Oya1 originally was first discovered as broad microbicide and an Ebola antiviral in collaboration with NIAID. This work was recently published (Bennett et al., (2021) ‘A Novel Ebola Virus VP40 Matrix Protein-Based Screening for Identification of Novel Candidate Medical Countermeasures’ Viruses Viruses 13 https://doi.org/10.3390) and is patent protected. The published data show that Oya1 is markedly more effective than remdesivir but has significant virus stopping capability alone or in combination with remdesivir. Clinical trials showed that Mab therapy had greatest therapeutic value in treating Ebola. Vaccination strategies for Ebola and remdesivir were minimally effective for people infected with Ebola who already have symptoms. The unmet need is that protection through immunization takes 21 days but the virus kills in 14 days. When an Ebola vaccine becomes available, it may prevent the spread of Ebola to those who are immunized but it will not prevent transmission or death of persons within the disease epicenter who are not immune. Mab production and distribution are costly and require special infrastructure. OyaGen will address the unmet need for highly active antiviral therapies that are low in cost of production and distribution.
Oya1 has an inexpensive five step synthesis, has a long shelf-life, and does not require special considerations for storage or shipment. Pre-IND discussions with the FDA have confirmed studies that will gate the entry of Oya1 for human Phase I clinical trials. The company seeks to partner or license Oya1 or obtain a tranched capital raise enabling OyaGen to complete remaining preclinical studies required by the FDA for approval of an IND and Phase I clinical safety and pharmacokinetic studies.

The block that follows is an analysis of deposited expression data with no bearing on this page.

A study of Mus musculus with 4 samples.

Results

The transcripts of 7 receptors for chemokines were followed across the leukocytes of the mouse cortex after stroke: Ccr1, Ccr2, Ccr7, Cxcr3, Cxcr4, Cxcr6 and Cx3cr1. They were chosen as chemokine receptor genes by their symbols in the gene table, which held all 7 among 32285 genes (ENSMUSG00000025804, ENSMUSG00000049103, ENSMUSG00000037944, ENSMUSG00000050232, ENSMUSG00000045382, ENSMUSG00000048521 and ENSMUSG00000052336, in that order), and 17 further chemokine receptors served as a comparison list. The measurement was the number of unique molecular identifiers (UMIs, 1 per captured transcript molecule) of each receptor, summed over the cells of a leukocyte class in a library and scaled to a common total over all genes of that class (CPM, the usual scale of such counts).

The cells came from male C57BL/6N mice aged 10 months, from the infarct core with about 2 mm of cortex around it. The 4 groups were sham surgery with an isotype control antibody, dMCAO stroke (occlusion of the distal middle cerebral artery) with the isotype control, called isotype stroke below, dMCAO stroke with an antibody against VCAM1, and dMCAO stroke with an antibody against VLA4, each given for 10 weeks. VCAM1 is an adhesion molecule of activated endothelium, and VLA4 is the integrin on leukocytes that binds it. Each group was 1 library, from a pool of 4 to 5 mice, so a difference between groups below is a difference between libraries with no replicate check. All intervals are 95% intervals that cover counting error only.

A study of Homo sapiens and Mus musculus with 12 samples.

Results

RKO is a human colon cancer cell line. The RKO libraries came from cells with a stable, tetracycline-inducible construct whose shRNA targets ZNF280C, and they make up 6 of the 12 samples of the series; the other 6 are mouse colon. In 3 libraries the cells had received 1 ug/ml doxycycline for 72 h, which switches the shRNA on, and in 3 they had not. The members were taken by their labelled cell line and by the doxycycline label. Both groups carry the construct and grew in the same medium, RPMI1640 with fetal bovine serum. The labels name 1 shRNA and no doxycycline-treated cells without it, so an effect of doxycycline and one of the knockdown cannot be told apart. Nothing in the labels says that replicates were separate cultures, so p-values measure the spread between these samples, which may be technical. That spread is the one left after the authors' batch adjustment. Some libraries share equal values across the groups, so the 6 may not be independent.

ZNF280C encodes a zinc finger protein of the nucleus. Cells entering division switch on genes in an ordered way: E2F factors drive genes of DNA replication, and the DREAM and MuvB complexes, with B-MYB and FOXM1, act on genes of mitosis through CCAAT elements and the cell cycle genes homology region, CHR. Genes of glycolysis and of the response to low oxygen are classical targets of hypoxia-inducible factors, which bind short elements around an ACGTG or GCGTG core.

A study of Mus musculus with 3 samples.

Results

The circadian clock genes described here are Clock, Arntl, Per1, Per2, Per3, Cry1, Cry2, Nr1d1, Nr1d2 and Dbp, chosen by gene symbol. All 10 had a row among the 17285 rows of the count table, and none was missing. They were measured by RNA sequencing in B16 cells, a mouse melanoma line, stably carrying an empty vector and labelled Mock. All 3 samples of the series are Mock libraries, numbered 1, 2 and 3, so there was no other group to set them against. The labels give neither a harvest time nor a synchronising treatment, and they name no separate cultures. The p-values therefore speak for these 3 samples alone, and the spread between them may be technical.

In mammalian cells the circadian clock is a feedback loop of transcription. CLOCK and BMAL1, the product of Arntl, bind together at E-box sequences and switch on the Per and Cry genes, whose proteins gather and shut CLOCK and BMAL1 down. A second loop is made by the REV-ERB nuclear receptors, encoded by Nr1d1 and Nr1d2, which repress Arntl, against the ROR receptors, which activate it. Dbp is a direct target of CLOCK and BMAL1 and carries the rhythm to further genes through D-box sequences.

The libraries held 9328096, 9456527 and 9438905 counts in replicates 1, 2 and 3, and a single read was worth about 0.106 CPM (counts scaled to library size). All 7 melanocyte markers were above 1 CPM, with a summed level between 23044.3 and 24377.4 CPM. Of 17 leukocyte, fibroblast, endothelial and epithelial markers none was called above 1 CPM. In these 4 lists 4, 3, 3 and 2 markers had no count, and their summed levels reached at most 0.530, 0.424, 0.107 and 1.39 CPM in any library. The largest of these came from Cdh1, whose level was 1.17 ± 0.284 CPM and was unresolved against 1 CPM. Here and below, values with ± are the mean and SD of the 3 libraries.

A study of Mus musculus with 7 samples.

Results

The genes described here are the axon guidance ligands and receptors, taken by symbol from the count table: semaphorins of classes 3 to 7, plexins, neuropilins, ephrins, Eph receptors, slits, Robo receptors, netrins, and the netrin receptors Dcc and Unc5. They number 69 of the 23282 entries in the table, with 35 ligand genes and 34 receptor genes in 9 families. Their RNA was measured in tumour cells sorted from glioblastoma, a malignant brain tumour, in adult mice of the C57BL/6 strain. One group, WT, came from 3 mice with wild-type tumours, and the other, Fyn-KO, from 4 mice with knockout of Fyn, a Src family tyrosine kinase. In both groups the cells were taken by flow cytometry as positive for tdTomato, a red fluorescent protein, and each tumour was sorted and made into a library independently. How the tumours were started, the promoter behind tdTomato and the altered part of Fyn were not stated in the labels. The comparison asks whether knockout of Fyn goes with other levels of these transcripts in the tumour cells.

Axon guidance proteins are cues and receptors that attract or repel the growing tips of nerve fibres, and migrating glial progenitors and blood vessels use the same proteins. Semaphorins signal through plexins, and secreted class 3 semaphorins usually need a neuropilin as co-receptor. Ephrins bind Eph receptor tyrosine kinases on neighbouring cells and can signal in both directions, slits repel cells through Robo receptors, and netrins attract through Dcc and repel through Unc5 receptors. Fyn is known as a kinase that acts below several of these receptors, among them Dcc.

OyaGen, Inc has developed Oya1, a highly potent and cost effective antiviral therapeutic for Ebola with intended use in the treatment for patients with an active Ebola infection. Oya1 will address the unmet need for an effective countermeasure to fill the gaps where vaccines do not have an immediate benefit for patients who are already infected or are immune-compromised. Combined treatments of Oya1 and remdesivir or monoclonal antibodies are anticipated to markedly enhance therapeutic efficacy while mitigating the emergence of drug resistant Ebola.
NIH/NIAID has shown that Oya1 blocks the virus from making copies of itself. It does so at low and high virus levels and even when added before or after the virus enters cells.
NIH/NCI has shown that Oya1 can be safely administered across a range of doses and dose intervals when tested in humans enrolled in prior cancer clinical trials.
There is an immediate and long-term demand for Oya1 regardless of the availability of vaccines or monoclonal antibody (Mab) therapies. Vaccines are not therapeutic; they alone are not effective in reducing active disease in people who already have Ebola because of the time it takes to mount an immune response. All vaccines could be given to ‘sick’ people in combination with a fast acting therapeutics such as Oya1 that do not depend on an immune response.
While Mab treatments are intended for treating infected patients, like vaccines, they may only be effective for the current strain of Ebola (e.g. Flu vaccines). Mab require specialized lab resources for their production. They are biologics that are very expensive to produce and may require special storage conditions.